The New York Jets received a scare on Friday night when rookie quarterback Geno Smith left their preseason opener with an ankle sprain. The injury proved to not be serious at all, and it may actually turn out to be an important moment in Smith’s young career.
The NFL is a league filled with men who are willing to play through almost anything, and they expect their teammates to be willing to make the same sacrifices. Although this is a minor injury, it provides Smith with an opportunity to show team veterans what he is made of.
Smith’s maturity was questioned throughout the draft process, and his wish to skip the second day of the draft after not being selected in the first round only added fuel to the fire. Then he fired his agent immediately after the draft, and decided to sign with Jay-Z’s new agency as its first NFL client. These moves drew mocking responses from many fans and media members, and it is likely that some of his teammates felt the same way.
It seemed all of this had blown over until, when several current West Virginia players made comments to the media about the lack of leadership on last year’s team. Smith was not mentioned by name, but the discussion of selfish players who lacked leadership clearly included the quarterback, even if he wasn’t the only player who was being referred to.
An ankle sprain may not seem like the way to answer some of these questions, but it is actually a great chance for Smith to show his toughness. He has done that by not missing a minute of practice since the injury, and by playing well over the last two days. This may seem like a small thing, but young players must prove and earn everything in the eyes of veterans, and Smith is starting to do that.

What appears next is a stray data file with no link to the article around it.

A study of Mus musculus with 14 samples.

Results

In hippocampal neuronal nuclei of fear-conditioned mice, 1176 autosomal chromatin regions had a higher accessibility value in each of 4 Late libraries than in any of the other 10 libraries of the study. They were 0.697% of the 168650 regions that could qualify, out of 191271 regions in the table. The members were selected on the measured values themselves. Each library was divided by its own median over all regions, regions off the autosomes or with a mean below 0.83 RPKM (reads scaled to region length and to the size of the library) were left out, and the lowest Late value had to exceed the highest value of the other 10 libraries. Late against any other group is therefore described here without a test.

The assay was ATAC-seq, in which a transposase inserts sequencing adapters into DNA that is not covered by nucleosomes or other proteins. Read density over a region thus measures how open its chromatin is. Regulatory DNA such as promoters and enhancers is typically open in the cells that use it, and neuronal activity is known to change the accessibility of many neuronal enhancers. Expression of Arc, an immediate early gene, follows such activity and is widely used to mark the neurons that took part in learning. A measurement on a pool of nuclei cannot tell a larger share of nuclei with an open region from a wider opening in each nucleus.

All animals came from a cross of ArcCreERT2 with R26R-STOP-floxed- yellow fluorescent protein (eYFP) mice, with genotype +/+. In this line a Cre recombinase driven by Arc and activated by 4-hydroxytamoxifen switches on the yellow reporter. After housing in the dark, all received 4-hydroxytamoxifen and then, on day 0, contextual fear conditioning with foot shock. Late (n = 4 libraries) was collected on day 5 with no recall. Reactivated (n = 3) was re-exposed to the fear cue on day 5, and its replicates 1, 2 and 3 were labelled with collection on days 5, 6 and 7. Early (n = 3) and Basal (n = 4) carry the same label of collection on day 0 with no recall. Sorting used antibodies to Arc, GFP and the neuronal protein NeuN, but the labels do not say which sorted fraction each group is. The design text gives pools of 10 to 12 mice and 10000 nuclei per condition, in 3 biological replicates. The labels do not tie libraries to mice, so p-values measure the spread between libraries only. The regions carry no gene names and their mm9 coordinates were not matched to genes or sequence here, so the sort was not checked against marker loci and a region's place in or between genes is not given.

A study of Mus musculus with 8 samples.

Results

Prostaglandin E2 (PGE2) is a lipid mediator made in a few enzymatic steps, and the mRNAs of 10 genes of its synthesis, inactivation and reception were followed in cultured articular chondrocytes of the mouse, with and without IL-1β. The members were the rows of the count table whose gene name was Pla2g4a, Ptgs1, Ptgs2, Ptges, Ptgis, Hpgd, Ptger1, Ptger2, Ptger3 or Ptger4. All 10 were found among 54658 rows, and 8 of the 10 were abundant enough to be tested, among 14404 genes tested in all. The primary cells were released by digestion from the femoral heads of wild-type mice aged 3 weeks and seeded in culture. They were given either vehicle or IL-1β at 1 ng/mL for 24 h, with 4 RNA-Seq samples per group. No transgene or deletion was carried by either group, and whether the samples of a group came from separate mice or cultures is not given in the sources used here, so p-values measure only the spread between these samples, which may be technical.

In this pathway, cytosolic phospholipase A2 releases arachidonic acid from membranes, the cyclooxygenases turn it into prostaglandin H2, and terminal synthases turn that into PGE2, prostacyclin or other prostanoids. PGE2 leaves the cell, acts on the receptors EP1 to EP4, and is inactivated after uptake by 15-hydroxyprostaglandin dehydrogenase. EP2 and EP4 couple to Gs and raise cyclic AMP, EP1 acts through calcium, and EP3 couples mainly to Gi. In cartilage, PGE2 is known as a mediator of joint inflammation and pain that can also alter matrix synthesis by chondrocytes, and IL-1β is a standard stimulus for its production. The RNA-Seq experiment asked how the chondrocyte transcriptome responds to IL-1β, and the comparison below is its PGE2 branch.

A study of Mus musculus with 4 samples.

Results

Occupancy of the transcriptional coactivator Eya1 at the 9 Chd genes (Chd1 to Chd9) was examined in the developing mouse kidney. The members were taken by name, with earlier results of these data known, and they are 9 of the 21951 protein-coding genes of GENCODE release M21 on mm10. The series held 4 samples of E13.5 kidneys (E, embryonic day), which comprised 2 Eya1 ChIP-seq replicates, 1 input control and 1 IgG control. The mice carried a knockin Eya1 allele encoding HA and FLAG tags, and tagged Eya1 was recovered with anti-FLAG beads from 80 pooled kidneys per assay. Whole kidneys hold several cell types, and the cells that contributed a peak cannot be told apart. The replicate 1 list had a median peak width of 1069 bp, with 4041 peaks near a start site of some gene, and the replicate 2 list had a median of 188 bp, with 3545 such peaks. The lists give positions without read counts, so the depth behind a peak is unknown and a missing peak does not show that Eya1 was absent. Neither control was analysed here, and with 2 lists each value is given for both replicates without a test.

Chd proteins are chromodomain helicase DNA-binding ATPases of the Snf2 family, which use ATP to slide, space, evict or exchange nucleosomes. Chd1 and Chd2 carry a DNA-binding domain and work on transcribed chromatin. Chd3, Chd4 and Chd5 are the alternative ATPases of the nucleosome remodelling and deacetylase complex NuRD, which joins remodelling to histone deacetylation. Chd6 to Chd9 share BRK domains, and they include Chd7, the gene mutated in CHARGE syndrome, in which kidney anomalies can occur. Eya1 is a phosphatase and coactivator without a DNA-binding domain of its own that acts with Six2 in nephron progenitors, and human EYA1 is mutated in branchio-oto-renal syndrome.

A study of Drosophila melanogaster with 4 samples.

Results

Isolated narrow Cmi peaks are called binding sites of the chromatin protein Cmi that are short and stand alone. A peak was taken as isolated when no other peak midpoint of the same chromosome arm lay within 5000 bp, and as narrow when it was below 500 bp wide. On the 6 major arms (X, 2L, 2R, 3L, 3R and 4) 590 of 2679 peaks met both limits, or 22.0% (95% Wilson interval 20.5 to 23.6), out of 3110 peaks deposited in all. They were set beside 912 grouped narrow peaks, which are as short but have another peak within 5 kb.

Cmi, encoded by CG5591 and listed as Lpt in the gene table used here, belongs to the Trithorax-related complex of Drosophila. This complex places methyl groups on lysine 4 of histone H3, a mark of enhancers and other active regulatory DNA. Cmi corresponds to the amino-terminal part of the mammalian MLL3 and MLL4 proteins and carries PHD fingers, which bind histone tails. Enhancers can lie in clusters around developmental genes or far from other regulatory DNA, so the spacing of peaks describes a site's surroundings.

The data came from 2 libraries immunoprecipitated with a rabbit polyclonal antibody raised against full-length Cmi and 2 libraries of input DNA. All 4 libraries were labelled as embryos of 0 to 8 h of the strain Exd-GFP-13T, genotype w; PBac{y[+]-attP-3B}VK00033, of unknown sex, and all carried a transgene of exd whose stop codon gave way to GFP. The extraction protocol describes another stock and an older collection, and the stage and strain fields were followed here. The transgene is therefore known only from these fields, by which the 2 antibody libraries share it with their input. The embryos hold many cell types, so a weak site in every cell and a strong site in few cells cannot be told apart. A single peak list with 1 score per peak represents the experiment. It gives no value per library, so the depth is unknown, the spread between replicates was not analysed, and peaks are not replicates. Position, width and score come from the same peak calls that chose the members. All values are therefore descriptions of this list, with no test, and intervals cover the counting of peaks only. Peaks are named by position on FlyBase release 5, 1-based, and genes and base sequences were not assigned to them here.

A quarterback must be the leader of the team, and his teammates must believe in him. By showing that he won’t skip out on something as insignificant as a day of training camp, Smith is showing that he is going to be there for his teammates and that they can count on him.
Building this faith and trust with the veterans will be crucial because Smith will be the starting quarterback at some point this season, even if it’s not Week 1. When he does take over, the players around will be much more confident in their new quarterback, and that will make a big difference for locker room chemistry and the level of play on the field.
I’m not saying practicing with a sprained ankle is going to turn Smith in Peyton Manning, but it is a big step towards earning the respect and trust of the veterans in the locker room, which is an important part of his development into the Jets’ starting quarterback.